A new Canada-wide study will look at the effect of using different COVID-19 vaccine doses in Canadian adults to determine if mixing and matching vaccines yields a strong immune response and how long the response lasts.
The study, announced Thursday, will investigate the use of different vaccines for first and second doses in 1,300 adult participants. The study will be conducted in conjunction with the COVID-19 Immunity Task Force, Vaccine Surveillance Reference Group, Canadian Immunization Research Network and Dalhousie University.
“As questions of vaccine interchangeability arise and alternative dosing intervals are being used in public health programs, our objective is to determine: what are the effects of different dosing intervals of the vaccines on immunity and safety?” said Dr. Joanne Langley, co-principal investigator of the study and professor at Dalhousie University, said in a press release.
The study will also work to determine the immune response created by mixing and matching vaccines, and how long the immune response will last.
The study, called “Mix and match of the second COVID-19 vaccine dose for safety and immunogenicity,” or MOSAIC for short, will begin enrolling participants as soon as possible at Canadian Immunization Research Network clinical trial sites. These sites are located in Nova Scotia, Quebec, Ontario, Manitoba, Alberta and B.C.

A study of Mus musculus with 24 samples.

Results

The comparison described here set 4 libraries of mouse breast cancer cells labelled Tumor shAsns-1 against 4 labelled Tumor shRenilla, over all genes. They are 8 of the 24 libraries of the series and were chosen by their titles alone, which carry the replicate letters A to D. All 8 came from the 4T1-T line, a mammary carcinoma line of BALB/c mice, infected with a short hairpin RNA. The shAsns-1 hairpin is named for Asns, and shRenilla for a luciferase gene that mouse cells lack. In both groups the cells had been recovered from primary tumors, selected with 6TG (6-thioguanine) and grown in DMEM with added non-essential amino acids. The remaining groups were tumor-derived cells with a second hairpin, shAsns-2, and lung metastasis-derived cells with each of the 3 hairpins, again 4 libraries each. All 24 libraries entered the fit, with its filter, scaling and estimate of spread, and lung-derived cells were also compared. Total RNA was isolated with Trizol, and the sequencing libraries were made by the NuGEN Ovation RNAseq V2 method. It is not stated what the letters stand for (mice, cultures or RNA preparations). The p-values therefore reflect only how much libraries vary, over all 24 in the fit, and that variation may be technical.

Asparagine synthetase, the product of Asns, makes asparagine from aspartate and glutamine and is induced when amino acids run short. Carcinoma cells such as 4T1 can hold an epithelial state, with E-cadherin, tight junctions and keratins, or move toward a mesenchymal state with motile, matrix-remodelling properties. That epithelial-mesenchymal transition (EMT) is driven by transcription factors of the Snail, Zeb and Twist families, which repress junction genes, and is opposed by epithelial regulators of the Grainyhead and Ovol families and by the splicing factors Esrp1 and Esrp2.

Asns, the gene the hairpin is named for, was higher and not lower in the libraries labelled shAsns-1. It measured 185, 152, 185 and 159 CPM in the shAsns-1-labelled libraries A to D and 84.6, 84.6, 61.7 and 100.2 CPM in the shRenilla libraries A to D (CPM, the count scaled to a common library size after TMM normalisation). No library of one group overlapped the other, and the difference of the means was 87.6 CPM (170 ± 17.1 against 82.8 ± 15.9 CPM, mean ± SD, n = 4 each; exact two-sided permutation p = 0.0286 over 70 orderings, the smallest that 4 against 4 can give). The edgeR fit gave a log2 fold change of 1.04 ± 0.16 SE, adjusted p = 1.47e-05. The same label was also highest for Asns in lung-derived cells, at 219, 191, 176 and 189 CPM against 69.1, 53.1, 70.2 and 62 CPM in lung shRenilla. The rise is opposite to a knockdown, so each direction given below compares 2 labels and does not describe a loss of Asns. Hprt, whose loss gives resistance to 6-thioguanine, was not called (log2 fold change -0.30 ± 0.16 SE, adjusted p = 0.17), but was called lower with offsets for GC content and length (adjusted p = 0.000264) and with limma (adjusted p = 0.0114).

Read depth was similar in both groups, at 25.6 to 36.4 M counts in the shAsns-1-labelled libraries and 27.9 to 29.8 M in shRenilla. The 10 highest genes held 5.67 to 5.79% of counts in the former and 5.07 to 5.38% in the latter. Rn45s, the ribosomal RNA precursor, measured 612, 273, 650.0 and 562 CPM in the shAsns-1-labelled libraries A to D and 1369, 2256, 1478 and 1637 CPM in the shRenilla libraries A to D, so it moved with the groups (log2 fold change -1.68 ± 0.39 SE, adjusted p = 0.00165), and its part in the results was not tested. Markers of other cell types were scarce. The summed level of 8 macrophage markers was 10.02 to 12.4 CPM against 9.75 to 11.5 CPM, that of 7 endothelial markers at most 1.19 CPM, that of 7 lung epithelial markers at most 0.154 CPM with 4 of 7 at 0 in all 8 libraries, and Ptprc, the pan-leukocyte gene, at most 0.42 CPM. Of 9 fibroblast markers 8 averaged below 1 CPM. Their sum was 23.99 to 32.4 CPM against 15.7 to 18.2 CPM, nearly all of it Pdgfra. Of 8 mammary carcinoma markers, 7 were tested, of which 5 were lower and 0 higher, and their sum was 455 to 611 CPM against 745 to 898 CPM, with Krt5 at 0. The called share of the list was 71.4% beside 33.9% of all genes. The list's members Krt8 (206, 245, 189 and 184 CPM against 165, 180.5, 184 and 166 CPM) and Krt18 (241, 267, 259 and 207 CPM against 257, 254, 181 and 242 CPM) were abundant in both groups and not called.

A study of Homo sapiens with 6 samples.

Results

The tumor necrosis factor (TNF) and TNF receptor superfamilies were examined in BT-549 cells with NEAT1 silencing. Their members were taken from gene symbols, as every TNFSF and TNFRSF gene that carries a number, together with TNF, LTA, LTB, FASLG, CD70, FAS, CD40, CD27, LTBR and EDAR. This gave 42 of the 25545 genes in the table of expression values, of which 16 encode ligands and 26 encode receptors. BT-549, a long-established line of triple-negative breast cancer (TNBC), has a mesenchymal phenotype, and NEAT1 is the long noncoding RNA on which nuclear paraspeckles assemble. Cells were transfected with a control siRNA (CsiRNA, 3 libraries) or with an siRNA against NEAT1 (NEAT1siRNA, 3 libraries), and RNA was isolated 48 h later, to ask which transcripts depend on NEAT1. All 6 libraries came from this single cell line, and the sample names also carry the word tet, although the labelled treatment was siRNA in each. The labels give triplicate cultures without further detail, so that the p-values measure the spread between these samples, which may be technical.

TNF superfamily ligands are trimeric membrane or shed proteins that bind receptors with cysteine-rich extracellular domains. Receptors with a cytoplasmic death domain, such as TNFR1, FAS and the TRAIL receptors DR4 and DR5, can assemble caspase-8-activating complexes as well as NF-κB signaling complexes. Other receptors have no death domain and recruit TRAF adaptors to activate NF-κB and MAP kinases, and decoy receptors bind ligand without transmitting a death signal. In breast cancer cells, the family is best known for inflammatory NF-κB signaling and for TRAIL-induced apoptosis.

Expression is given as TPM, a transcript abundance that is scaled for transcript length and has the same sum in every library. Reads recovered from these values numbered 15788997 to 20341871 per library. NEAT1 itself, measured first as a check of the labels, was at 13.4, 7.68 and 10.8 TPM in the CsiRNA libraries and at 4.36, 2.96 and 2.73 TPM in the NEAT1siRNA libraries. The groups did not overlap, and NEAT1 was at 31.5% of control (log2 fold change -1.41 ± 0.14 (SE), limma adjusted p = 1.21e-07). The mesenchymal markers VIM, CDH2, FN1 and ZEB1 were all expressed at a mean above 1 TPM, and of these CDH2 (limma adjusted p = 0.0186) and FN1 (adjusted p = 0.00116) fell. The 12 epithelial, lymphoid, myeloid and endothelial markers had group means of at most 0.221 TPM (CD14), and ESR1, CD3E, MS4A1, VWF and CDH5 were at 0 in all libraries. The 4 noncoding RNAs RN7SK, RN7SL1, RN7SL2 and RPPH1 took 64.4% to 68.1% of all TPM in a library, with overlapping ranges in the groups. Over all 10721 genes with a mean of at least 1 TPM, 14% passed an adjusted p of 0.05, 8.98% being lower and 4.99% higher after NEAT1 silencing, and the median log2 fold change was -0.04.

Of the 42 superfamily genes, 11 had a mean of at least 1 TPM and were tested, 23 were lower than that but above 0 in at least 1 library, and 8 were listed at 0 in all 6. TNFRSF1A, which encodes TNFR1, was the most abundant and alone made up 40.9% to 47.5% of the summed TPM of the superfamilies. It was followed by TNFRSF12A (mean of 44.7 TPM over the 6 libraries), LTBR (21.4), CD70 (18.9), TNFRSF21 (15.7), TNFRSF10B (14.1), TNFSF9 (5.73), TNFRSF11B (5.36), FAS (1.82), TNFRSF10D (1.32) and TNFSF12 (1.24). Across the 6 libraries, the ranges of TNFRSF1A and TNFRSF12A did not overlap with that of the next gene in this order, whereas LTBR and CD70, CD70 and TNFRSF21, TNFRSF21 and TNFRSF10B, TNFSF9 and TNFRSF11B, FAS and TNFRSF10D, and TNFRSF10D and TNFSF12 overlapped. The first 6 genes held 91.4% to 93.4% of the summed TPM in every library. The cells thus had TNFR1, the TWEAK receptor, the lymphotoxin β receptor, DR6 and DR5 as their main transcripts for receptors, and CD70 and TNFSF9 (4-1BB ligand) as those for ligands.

There are currently four vaccines authorized for emergency use in Canada. However, several provinces have suspended the use of the AstraZeneca COVID-19 vaccine for first doses over concerns of rare blood clots.
Canada’s own vaccine is still in phase three trials, but could be added to the study pending authorization.
“As other vaccines come available, they will be added to the study to address public health knowledge gaps. Study data will be communicated regularly to public health officials to help inform decision making for the ongoing vaccine rollout in Canada,” Dr. Manish Sadarangani, co-principal investigator of the study and associate professor at the University of British Columbia, said in the release.
Currently, Canada’s National Advisory Committee on Immunization recommends an interval between COVID-19 vaccine doses of up to four months, except in high risk individuals, to ensure as many people get a first dose as possible. This study aims to help guide future vaccine rollout plans, the release said.
Other countries are also running clinical trials to see if mix and matching vaccine doses is safe.
Preliminary results from both a U.K. and a Spanish study suggest that the combination is ultimately safe and that the mixed schedule of doses seemed to jolt the immune system into producing many more antibodies.
“In addition to international data, this Canadian study will help inform Canada’s public health recommendations on the potential to use different combinations of vaccines for the first and second dose, as well as different dosing intervals,” Dr. Theresa Tam, Canada’s Chief Public Health Officer, said in a press release.
People 18 years of age or older can participate in the study by clicking here.